The Shared Wait of Friendship (On Advent and LOTR)

It has been about a week since I have been able to see some of my dearest friends and family since moving to Connecticut back in August. There is something particularly sweet to seeing friends you have not seen in a while in contrast to seeing them day to day for years on end. But clearly, there is also something profoundly sad about their absence.

As C.S. Lewis once mentioned, friends walk “side by side, [as] their eyes look ahead.” There’s an aspect of friendship which means that I can be away from my dearest friends and know we will never be too distant – that even when we re-meet after many months or years there will often be a sense of connectedness simply off the fact that we are on the same journey. But even so, there is an element of it that feels that even though we stand side by side, we still walk  on separate sides of the road.

My most intimate friendships, whether explicitly talked about or not, are ones of shared waiting. And during this Advent season, that just seems the proper thing to blog about.

I find it ironic that I have  begun the final third of the Lord of the Rings (“Return of the King”) during Advent season – especially as I consider these things. The conclusion of “The Two Towers” left me particularly aware of the active waiting of friendship as Frodo and Sam approach Mordor and consider what the storybooks might tell of their grand adventure that, in that moment, seemed ever so far from possible completion. Would they accomplish their task? Would the dark shadows of Middle Earth be finally done away with? Would they even have a home to return to?

I think Sam and Frodo would agree with me that friendship consists of some common wait or longing. I can not prove it, but with words like these from Samwise Gamgee I can not help but read into it:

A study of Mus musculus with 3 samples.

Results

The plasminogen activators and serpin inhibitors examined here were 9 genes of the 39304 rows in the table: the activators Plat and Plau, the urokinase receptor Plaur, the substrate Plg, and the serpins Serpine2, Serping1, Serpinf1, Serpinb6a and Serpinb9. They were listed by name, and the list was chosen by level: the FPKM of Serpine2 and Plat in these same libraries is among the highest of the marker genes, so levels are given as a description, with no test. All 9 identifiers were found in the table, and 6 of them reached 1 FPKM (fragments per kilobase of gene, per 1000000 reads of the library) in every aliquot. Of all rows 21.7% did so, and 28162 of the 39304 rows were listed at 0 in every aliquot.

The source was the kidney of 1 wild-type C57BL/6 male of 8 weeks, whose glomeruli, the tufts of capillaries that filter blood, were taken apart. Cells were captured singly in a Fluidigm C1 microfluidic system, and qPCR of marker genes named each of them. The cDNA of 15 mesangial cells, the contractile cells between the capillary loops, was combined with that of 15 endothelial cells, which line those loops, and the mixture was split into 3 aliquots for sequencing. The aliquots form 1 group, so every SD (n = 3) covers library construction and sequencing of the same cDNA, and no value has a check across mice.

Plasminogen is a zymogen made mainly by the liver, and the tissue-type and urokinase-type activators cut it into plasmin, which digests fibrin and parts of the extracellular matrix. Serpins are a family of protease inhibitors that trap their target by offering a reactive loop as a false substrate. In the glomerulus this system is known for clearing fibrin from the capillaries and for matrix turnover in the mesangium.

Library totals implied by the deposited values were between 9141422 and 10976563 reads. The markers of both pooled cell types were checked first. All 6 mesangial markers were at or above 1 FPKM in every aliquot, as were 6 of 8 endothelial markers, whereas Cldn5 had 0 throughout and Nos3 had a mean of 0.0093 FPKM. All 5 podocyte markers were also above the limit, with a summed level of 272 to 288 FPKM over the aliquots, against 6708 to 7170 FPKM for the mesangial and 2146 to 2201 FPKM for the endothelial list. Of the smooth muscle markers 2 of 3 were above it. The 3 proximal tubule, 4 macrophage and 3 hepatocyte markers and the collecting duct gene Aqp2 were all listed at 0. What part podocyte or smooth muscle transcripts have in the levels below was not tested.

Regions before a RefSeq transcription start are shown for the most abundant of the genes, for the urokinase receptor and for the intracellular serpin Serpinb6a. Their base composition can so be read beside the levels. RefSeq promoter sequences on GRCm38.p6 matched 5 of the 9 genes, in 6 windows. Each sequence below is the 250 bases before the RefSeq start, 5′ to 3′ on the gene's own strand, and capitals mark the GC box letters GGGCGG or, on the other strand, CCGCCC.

“But in the end, it’s only a passing thing, this shadow. Even darkness must pass. A new day will come. And when the sun shines, it’ll shine out the clearer. Those were the stories that stayed with you. That meant something. Even if you were too small to understand why. But I think, Mr. Frodo, I do understand. I know now. Folk in those stories had lots of chances of turning back only they didn’t. They kept going. Because they were holding on to something.”

Waiting brings us together. Whether it is waiting together for the midnight release of Star Wars, waiting for your food to finally arrive at your table as you converse, waiting eagerly for Sauron to finally lose the upper hand, waiting for Christmas morning to open presents with your siblings, or waiting for the day that Jesus would arrive and make all the sad things come untrue, intimate friends share the wait together. And in our case and Frodo’s, without friends who wait with us, seeing the end would be a far harder – if not impossible – journey.

So whether you have those sorts of friends or not, I would hope you know that Advent season is not just a season of waiting for a distant King’s return, but for the friend our hearts have longed for. A friend who waits with us and for us. And on this Christmas day, that wait is promised not to end in despair. He has come. He will come. And like any good story, the more grueling the wait, the far grander the ending will surely be.